Sunday, June 2, 2013

Wood Power Generation Contemplation

My present circumstance has brought me into the Lac Le Jeune area South of Kamloops. As a part of my daily routine I find myself in the woods walking my dogs regularly. As an individual with entrepreneurial ideations; it is seldom that “recreation” fails to result in the observation of a business opportunity. 
The most striking thing in this area, and many others in British Columbia, is the abundance of dead and downed wood fiber; both, in the logged areas with their residual fiber and in the standing forests. The Pine Beetle has left vast tracts of forest dead in its wake; generating a situation that offers salvage of the affected trees possible. Presently the timber affected by Pine Beetle offers viability as a saw log, but the window for use as sawlogs is coming to a close. One is then faced with the question of what to do with this fiber and other waste fiber at large in the forest.



I have had limited exposure to individuals that have installed Co-generation plants that burn wood waste from milling processes, to both generate electricity and to use heat for kilns and the like. This has led me to begin contemplating the possibility of a standalone wood electrical generation station. 

Preliminary investigation, very preliminary, indicates a favorable opportunity. I have reviewed some modeling done by BC Hydro around a centralized plant that relies on a large catchment area to supply fiber (2010 Resource Options Report - Wood Based Biomass Potential Report). The model was generated with an installed capacity of 35 megawatts. The business model as depicted offers some challenges to viability, one of the primary challenges is related to the transport of fiber over long distances.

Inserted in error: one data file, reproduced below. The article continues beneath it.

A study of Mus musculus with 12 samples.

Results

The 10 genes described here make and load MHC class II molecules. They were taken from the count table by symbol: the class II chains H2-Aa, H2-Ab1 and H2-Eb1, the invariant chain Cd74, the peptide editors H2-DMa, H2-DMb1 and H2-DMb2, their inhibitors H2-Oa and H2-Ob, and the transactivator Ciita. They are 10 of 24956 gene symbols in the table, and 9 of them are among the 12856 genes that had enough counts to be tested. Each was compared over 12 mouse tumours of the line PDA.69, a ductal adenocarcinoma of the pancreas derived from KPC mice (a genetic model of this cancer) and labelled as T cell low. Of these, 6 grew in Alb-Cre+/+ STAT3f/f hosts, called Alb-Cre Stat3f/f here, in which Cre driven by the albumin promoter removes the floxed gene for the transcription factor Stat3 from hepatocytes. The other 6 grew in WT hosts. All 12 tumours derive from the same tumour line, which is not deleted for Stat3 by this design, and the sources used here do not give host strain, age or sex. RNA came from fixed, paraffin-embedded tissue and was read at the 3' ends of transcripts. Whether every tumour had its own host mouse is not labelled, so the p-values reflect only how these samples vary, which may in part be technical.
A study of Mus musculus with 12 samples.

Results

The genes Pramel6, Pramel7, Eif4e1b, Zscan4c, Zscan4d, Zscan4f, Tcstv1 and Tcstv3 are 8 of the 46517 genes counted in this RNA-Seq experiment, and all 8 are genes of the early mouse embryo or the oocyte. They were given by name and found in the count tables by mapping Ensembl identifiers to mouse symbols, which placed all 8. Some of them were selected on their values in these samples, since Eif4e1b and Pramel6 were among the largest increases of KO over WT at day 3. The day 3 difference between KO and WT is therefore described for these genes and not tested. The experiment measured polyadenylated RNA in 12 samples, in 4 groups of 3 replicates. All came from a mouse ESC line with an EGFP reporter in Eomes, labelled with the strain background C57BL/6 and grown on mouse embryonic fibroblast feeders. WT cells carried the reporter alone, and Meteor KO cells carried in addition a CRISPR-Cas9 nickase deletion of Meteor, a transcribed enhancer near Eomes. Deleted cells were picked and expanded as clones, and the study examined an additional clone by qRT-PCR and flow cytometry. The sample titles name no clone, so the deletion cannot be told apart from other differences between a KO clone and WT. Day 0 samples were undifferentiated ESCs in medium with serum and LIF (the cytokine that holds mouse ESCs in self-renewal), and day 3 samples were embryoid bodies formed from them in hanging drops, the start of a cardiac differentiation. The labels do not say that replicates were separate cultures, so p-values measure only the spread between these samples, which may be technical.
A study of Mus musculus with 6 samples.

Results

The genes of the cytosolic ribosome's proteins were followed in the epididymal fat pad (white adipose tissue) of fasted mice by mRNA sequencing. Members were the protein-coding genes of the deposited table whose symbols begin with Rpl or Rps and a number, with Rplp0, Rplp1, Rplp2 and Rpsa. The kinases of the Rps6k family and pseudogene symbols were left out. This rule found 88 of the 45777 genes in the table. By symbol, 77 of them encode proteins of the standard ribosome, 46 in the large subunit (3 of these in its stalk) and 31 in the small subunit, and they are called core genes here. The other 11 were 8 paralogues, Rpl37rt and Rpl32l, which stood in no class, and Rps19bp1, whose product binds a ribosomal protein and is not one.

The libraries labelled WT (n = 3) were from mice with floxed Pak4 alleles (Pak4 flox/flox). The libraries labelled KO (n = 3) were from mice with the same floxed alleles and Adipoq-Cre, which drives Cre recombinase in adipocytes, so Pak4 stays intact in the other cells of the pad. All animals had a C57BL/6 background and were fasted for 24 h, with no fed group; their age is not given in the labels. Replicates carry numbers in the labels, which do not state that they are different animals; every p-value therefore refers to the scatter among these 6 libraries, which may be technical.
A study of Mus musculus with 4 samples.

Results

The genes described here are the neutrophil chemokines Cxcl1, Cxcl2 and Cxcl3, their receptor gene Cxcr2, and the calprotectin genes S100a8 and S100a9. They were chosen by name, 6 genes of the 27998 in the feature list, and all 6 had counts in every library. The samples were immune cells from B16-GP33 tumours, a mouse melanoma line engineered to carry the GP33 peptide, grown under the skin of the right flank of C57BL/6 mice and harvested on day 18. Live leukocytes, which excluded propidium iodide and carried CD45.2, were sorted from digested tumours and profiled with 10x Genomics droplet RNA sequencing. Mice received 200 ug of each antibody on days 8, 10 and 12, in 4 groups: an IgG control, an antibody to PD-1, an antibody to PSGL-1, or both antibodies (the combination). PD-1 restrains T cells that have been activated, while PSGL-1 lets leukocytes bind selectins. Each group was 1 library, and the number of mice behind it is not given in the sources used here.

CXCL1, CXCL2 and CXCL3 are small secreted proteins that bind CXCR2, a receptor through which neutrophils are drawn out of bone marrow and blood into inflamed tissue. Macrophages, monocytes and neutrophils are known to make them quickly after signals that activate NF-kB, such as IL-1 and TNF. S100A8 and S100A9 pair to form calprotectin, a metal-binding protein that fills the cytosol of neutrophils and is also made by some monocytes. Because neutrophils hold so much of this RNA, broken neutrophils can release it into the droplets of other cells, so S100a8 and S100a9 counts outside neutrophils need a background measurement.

This spurred the contemplation of a smaller mobile plant that could be readily relocated to areas of high fiber concentration and where there is a confluence of other required operational components, by way of example, BC hydro power lines of sufficient capacity to meet the transmission demands of the plant and perhaps water resources.



In adapting the BC Hydro model to the mobile plant, and then performing sensitivity analysis with respect to transportation savings, there seems that viability is in the offing. This is very preliminary assessment and much due diligence is required. However, further investigation is warranted.

I am posting this brief discussion in the hope that perhaps someone may find the concept of interest and wish to engage in exploring the idea further. Thank you for your consideration.